Tuesday, March 27, 2012

Members of Imani Winds & Harlem Quartet Join Chick Corea on 2-CD set 'The Continents' from Deutsche Grammophon

[Chick Corea, Harlem Quartet, Imani Winds]

Michael S. Wright, our UK associate, brings this recording to our attention:


"The Continents" - Concerto for Jazz Quintet & Chamber Orchestra (CD 1) 
Jazz Standards / Improvisations (CD 2)
Chick Corea / Orchestra (with Jazz Quintet) / Steven Mercurio

2 CD 4779952
Release Date: February 2012

"On this specially priced 2-CD release, piano legend Chick Corea showcases both his composer and instrumentalist sides in his vision of world, jazz, Latin, and classical music – converging into a new, whole work of startling beauty. It’s the sound of surprise.

"Disc One: The Continents – composed of six sections depicting Africa, the Americas, Antarctica, Asia, Australia, and Europe – is a globally inspired concerto for jazz quintet and chamber orchestra.
"Conducted by Steven Mercurio and performed with an all-star New York orchestra, including members of the Harlem Quartet and Imani Winds, among others.

"The Jazz Quintet: Chick Corea piano, Steve Davis trombone, Tim Garland reeds, Hans Glawischnig bass, Marcus Gilmore drums
Disc Two (Bonus CD) features new solo and quintet jazz recordings."

Feb. 22, 2012

“Chick Corea’s The Continents: Concerto for Jazz Quintet and Chamber Orchestra is filled with tuneful melody, shows off some superb playing by the soloists, breaks new ground in a number of ways, and achieves nearly all of its ambitions.”
By Steve Elman.
“So this is the first great thing about The Continents: Corea has courageously returned to a form he’s tried before, and he’s written a piece that shows how much he learned from his previous experience. The Continents is better in nearly every way than his first piano concerto, and it gives future composers a model for development rather than just an interesting dead end.

The second great thing about this recording is that the orchestra was specifically constituted for the piece. Corea called upon one of the most esteemed players of contemporary music, Fred Sherry, to help him assemble the ensemble, and he took the most unusual step of having Sherry, a cellist, serve as the concertmaster. Why are these decisions so significant? Because an orchestra created for a specific performance has a built-in commitment to its success, and because the composer can have confidence that the players have the skills needed to accomplish his or her goals.”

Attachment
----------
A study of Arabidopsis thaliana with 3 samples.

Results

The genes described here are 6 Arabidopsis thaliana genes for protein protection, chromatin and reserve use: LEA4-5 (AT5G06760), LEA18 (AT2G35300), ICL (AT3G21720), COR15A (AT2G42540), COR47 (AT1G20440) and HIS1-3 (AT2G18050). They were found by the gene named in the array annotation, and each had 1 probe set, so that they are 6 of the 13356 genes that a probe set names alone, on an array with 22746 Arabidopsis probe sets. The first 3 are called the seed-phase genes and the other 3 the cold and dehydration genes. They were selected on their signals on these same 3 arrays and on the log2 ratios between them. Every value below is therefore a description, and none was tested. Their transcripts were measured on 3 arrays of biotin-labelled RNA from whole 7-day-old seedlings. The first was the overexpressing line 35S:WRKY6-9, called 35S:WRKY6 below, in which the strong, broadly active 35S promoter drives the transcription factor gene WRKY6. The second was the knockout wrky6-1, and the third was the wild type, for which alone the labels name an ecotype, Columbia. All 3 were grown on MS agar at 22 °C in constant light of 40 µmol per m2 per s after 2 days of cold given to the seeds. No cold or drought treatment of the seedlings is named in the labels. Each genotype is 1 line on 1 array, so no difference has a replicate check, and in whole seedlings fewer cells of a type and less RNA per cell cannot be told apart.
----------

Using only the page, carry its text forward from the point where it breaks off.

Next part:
A third great thing, related to the second, is that Corea treats the orchestra players as the equals of the jazz players, not just accompanists. He gives them a free-improv passage to conclude the first movement, and they rise to the challenge very successfully. He also spotlights a number of outstanding musicians in the orchestra by giving them short solo spots of their own. Violinist Ilmar Gavilán of the Harlem Quartet, oboist Toyin Spellman-Diaz of the Imani Winds, and superstar clarinetist Richard Stolzman all have a chance to shine. In addition, there are some short statements in the final movement by trumpeter Louis Hanzlik; hornists Jeff Scott (of the Imani Winds) and David Byrd-Marrow; clarinetist Mariam Adam; oboist Jacqueline Leclair; and bassoonist Monica Ellis (also of Imani). The graciousness of the composer and the cheery give-and-take between the jazz players and the classical ones are almost unprecedented.

The fourth great thing, and maybe the greatest of all, is the beautiful clarity of the orchestration. Even though the harmonies here are well beyond those of the Mozart-Haydn era, Corea’s admiration for the transparency and balance of the classical orchestra is obvious. The Continents celebrates the orchestra as a lithe and flexible partner for Corea and his group rather than the muscle-bound behemoths that previous composers unleashed for The Grand Effect.”